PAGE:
The Inn at Penallt
Penallt is a village in Monmouthshire set high on a hill above Monmouth. It forms part of the Raglan Hundred. In the centre of the village, by the village green, is the 17th century village pub, the "Inn at Penallt", formerly called the Bush Inn.
Nearby, the Penallt Old Church Wood is a ten-acre nature reserve. This deciduous woodland forms a habitat for Pied Flycatchers, Nuthatch, Tree Pipits, Treecreepers and Sparrowhawks, as well as plants such as Wild Daffodils and Moschatel.
Penallt Old Church is about a mile north of the village. The main part of the building dates from the 15th or early 16th century, while the lower part of the tower may date from the 14th century. The heavy oak door bears the date 1532. The church was restored in 1887. The churchyard cross has a base and lower shaft of 15th century date. The church dedication is unknown, though there is a local tradition that it was St James, the patron saint of pilgrims. Inside is the Royal coat of arms of Queen Anne dating from 1709.
The Argoed, a 17th-century mansion, lies to the south east of the village. It was once owned by the father of Beatrice Webb, the British socialist, economist and reformer. Robert Plant also owned it in the 1980s. George Bernard Shaw stayed with the Webb family and described Penallt as a "special place" Other residents of the village include Jeremy Cook the BBC's rural affairs correspondent and Television presenter Kate Humble. Walter Keeler is a renowned potter specialising in salt glaze pottery.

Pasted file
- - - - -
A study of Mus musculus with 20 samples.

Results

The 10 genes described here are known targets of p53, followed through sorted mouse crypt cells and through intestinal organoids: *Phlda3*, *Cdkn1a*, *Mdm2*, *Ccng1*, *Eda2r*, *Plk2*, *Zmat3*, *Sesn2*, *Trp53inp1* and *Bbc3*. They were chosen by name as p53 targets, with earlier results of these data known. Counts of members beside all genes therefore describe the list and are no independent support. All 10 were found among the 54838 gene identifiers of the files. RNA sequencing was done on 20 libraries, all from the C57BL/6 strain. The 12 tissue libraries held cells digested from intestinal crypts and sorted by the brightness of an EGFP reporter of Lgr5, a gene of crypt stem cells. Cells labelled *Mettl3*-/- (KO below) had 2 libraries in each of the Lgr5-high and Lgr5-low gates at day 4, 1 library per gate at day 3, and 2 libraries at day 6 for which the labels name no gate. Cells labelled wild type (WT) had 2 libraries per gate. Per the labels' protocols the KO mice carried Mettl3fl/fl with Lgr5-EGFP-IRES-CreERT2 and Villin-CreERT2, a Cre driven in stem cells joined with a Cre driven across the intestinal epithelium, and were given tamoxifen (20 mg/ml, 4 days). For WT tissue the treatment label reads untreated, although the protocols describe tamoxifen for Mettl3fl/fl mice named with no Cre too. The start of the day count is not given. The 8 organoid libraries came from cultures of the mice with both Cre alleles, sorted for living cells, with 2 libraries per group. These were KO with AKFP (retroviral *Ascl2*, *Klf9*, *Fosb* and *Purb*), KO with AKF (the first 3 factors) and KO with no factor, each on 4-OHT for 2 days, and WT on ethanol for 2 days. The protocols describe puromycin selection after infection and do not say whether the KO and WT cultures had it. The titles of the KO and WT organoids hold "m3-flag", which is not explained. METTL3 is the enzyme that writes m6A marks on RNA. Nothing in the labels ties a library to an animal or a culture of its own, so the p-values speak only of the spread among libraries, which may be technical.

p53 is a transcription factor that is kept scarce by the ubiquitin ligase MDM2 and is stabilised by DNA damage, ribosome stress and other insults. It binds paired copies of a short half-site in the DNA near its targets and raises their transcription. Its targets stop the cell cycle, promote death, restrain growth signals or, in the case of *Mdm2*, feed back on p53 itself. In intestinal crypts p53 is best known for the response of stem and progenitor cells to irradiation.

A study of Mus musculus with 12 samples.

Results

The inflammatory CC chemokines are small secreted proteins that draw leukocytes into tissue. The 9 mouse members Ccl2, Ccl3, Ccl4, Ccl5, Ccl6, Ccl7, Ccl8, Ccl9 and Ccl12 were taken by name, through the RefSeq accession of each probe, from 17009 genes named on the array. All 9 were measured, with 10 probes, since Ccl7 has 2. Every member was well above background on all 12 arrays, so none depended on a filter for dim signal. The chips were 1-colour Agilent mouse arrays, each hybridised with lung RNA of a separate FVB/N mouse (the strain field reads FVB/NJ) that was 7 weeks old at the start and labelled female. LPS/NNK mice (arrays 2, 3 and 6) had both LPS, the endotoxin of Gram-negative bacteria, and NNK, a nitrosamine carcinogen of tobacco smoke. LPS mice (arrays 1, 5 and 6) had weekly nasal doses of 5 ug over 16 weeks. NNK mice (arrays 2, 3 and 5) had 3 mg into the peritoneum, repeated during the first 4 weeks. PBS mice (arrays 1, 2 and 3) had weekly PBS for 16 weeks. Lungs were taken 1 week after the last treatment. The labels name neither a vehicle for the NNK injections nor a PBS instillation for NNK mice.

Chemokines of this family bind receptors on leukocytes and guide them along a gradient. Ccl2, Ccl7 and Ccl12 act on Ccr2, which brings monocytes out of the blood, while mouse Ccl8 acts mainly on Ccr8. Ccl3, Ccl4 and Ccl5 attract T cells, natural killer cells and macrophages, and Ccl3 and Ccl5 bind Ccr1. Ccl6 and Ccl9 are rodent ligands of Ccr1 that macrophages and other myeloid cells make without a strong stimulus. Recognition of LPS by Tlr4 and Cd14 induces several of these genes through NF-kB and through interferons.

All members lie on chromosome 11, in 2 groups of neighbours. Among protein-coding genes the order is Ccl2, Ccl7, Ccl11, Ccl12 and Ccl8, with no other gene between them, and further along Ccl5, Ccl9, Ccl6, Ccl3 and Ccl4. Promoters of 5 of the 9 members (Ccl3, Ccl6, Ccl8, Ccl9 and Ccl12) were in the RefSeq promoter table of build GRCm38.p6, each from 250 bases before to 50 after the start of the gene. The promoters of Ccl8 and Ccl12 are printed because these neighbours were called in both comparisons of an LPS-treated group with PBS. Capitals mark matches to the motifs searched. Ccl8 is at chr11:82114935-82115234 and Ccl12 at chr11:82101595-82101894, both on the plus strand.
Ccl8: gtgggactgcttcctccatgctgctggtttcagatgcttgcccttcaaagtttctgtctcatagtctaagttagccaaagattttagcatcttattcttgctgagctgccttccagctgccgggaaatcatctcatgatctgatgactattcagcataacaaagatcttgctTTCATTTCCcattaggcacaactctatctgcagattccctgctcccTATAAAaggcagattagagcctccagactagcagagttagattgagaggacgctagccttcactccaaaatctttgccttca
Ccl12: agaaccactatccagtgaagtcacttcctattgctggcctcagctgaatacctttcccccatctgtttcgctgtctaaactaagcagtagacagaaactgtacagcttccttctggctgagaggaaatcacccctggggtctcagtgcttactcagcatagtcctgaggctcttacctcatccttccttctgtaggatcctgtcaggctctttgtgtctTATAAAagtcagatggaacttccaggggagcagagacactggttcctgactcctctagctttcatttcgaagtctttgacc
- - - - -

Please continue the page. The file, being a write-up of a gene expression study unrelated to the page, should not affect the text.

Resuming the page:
Gallery of the old Church
- Alliance of Religions and Conservation (2006). "Penallt". The Cistercian Way. http://cistercian-way.newport.ac.uk/place.asp?PlaceID=363. Retrieved 2006-11-08.
- Gwent Wildlife Trust (2006). "Reserves". Gwent Wildlife Trust. Archived from the original on 2006-10-27. http://web.archive.org/web/20061027230246/http://www.wildlifetrust.org.uk/gwent/reserves.htm#Penallt. Retrieved 2006-11-08.